Samuel Butler once remarked that, “Life is the art of drawing sufficient conclusions from insufficient premises.” The New York Times has been determined to improve upon this method by combining insufficient premises with false ones in order to draw — and then publish — erroneous conclusions, and it has succeeded admirably in the effort within just the past few days.
March 25th saw two articles attempting to taint Pope Benedict with decades-old sex abuse cases involving Catholic priests, one in Wisconsin and one in Germany. The article about the German case bore the title, “Memo to Pope Described Transfer of Pedophile Priest.” We learn ominously that a key priest dealing with the accuser was, “according to his obituary… a close friend of Cardinal Ratzinger.” Why not of Pope Benedict XVI? Because the memo was never to the pope at all as it was 20 years before he became pope — but we don’t want to spoil a nice headline with facts. And as for the smoking gun memo itself, one had to read deeply in this article to find the admission that those familiar with the situation “could not rule out that Cardinal Ratzinger had read it.” Oh.
I get it — the pope, or someone close to him is supposed to prove a negative. Denying the pope’s knowledge is clearly insufficient for the Times because while no one recollects a conversation with him about the reassignment they are unable to “rule out that ‘the [abuser’s] name had come up.’”
The article about the heinous Wisconsin case relies just as much on innuendo and guilt by association. Its entire time line and “when did you stop beating your wife?” line of accusation has been analyzed and the Times‘ conjecture debunked here and refuted even by the Judicial Vicar handling the case who was never contacted for the Times‘ story!
What if we ever do find out that prior to becoming pope, say while he was archbishop, Ratzinger had erred in his judgment regarding the handling of a child abuser? What then?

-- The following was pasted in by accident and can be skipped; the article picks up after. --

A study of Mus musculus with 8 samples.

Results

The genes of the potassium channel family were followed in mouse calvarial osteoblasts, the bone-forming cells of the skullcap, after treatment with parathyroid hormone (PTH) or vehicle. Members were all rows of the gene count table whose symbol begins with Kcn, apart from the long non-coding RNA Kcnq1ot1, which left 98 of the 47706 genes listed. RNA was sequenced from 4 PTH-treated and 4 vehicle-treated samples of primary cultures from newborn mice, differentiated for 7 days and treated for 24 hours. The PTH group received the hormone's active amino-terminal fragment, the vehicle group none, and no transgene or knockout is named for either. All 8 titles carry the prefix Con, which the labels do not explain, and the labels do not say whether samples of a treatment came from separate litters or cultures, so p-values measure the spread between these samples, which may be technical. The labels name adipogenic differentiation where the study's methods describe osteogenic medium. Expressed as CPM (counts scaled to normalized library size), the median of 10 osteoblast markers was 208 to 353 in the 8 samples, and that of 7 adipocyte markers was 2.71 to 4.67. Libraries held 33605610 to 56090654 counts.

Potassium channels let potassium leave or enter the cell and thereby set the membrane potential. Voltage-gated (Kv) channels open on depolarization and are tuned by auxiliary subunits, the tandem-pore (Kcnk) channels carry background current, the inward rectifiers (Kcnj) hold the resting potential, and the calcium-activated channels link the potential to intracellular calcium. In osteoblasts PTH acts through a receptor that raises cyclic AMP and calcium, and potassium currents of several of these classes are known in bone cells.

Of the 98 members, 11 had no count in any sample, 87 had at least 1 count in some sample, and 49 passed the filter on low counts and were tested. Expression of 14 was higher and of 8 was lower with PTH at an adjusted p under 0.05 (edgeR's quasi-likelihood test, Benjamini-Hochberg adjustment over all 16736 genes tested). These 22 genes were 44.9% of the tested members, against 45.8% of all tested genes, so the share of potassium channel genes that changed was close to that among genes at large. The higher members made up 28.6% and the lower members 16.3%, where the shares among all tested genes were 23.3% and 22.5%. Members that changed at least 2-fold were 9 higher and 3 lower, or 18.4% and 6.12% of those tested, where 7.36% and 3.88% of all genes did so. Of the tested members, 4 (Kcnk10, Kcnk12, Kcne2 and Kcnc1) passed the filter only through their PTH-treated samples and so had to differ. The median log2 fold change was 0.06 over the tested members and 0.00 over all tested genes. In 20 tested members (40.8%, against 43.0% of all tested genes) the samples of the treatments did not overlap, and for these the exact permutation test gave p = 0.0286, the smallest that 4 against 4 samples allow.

I mean, wouldn’t that be it? How could all of us possibly continue to be Catholic after that?
Wouldn’t everything we know just be… well, wrong? Wouldn’t we need to find some other diversion on Sundays instead of Mass? And that whole giving to the parish thing, I mean how in good conscience could we?
We wouldn’t know what to believe anymore, would we? “Truth” or “heresy” — they would just be mere words, devoid of meaning. After all — the pope was wrong about something and if that, then why not the Trinity, the Virgin Birth, the Resurrection? And hey, while we are on the subject of stuff the pope — and by implication, the Church — could be wrong about, let’s not forget all the Times‘ favorites: fornication, sodomy, contraception, abortion….
Theoretically of course, the pope could be wrong, be in error, and make mistakes about all manner of things. After all, all manner of things are not covered by the charism of infallibility — only matters of faith and morals.
We Catholics have to admit that the pope could have been and might still be wrong about trusting certain people, use poor judgment about personnel, confuse facts, draw erroneous conclusions from incomplete or faulty evidence. Indeed he could.
And if he did, he would have something in common with the New York Times.